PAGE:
Understand Yourself: Overview

You might be tempted to imagine that the problems you experience lie outside of you. Yet the reason they are your problems is that somehow you have a role in them, whether you are reacting to someone or something, allowing them to get in your way or actually contributing to or perpetuating them. Sometimes you unknowingly bait a dilemma with your thoughts, feelings, and reactions. Understanding yourself first is part of what differentiates interpersonal and personal problem-solving from technical problem-solving. An essential part of assessing a problem is identifying how your thinking and feeling styles and your unique preferences influence your part in the situation.

Resilience

The purpose of building resilience is to fortify yourself with coping tools and supports that will serve you for the long-term. Expanding your resilience assets will help you sustain your interest, motivation, and success in pursuing your goals and fulfilling your passions.


Coping is any effort you make to alleviate stress, control your environment, or overcome something you find threatening. Self- efficacy is your belief about your ability to perform a particular behavior successfully; it is a type of self-confidence. Your patterns of dealing with problems and your confidence in how you manage them contribute to the magnitude of a problem.


Your thinking habits affect how you feel and how you respond to different situations. Thinking refers to your internal dialogue about anything that comes up in your moment-to-moment, day-to-day life. Unless you stop yourself, it’s easy to get caught up in debilitating patterns of thinking.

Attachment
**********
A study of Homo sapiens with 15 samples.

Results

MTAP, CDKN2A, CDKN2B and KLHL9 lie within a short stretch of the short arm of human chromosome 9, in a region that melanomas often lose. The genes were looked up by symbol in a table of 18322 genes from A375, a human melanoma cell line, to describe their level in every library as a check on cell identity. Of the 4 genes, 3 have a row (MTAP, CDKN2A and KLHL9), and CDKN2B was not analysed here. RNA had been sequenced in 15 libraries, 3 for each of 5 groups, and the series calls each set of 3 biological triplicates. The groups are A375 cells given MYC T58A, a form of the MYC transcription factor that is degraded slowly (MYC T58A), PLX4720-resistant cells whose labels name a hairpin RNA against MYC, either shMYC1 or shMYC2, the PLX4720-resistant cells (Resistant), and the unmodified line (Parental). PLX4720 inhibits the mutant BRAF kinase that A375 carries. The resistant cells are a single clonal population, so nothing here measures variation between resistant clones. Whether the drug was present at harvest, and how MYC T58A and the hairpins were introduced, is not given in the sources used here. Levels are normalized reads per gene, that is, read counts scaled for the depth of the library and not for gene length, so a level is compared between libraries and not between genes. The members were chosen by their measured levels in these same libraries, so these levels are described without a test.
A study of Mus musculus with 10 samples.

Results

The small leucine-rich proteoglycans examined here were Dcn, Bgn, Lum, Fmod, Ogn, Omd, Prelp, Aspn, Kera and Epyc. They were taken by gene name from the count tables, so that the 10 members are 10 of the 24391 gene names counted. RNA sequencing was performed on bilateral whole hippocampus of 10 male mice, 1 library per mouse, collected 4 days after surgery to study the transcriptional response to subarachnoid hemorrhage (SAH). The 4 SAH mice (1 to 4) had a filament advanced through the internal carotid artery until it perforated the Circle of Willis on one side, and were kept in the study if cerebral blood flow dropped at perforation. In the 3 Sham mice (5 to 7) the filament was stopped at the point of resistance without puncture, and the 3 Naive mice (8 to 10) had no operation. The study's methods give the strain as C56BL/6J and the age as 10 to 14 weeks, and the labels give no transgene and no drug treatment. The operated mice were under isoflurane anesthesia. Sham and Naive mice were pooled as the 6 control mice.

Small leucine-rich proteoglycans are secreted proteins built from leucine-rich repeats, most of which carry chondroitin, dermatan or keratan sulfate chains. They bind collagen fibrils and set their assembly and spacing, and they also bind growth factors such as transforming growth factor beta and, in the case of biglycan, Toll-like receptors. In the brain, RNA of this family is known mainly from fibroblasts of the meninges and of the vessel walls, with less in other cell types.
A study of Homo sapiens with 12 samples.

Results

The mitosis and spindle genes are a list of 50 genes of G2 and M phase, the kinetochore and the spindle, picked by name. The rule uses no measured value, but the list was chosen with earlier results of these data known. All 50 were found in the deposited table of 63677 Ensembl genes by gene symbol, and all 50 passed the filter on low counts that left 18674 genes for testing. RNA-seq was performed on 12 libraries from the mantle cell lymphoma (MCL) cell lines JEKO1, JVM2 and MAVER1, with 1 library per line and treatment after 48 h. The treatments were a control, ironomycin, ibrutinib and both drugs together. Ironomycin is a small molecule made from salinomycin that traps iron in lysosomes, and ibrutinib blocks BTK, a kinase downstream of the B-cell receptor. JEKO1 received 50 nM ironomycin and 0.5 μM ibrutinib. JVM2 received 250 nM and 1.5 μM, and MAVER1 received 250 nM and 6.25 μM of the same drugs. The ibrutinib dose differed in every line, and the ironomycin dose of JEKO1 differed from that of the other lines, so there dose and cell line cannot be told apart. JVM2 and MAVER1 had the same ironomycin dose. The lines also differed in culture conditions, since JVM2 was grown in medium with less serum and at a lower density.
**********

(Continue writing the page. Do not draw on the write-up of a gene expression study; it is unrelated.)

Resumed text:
Your emotional patterns contribute to your successes or setbacks and even your health. You may sometimes let your feelings drown out rational thinking or let your emotions get the best of you.


When stress levels get too high, your relationships, focus, productivity, and well-being can all be affected negatively. Recognizing what sets off your stress reactions can help you better understand the “you” in the situation.


Your goals and beliefs about what is important are related to how you act, react, and achieve. Focusing on your goals and passion helps you to assess the elements and importance of a problem.


The impression you make on those who are essential to your academic success matters from the first to the last day of graduate school. Self-presentation requires constant monitoring as mutual impressions can contribute to positive or troubled relationships.


Every exchange between two or more people involves a complex mingling of two distinct personality styles. Understanding how your personality and styles fit your environment and others in it is part of assessing the problem.


A mentor can help support you in your academic, professional, and personal development. Mentors often provide more emotional support and individualized attention than advisors. You can learn to understand what you need specifically and how you can find that support.


Are you getting the type of support you need from your advisor? Before you decide if you are getting the support you need, it is important to understand what exactly an advisor’s role is supposed to be.


The way you think other people perceive you as a women or member of a minority group can cause anxiety and influence your actual performance in graduate school. If your gender, race, or ethnicity is underrepresented in your program, you might experience stereotype threat.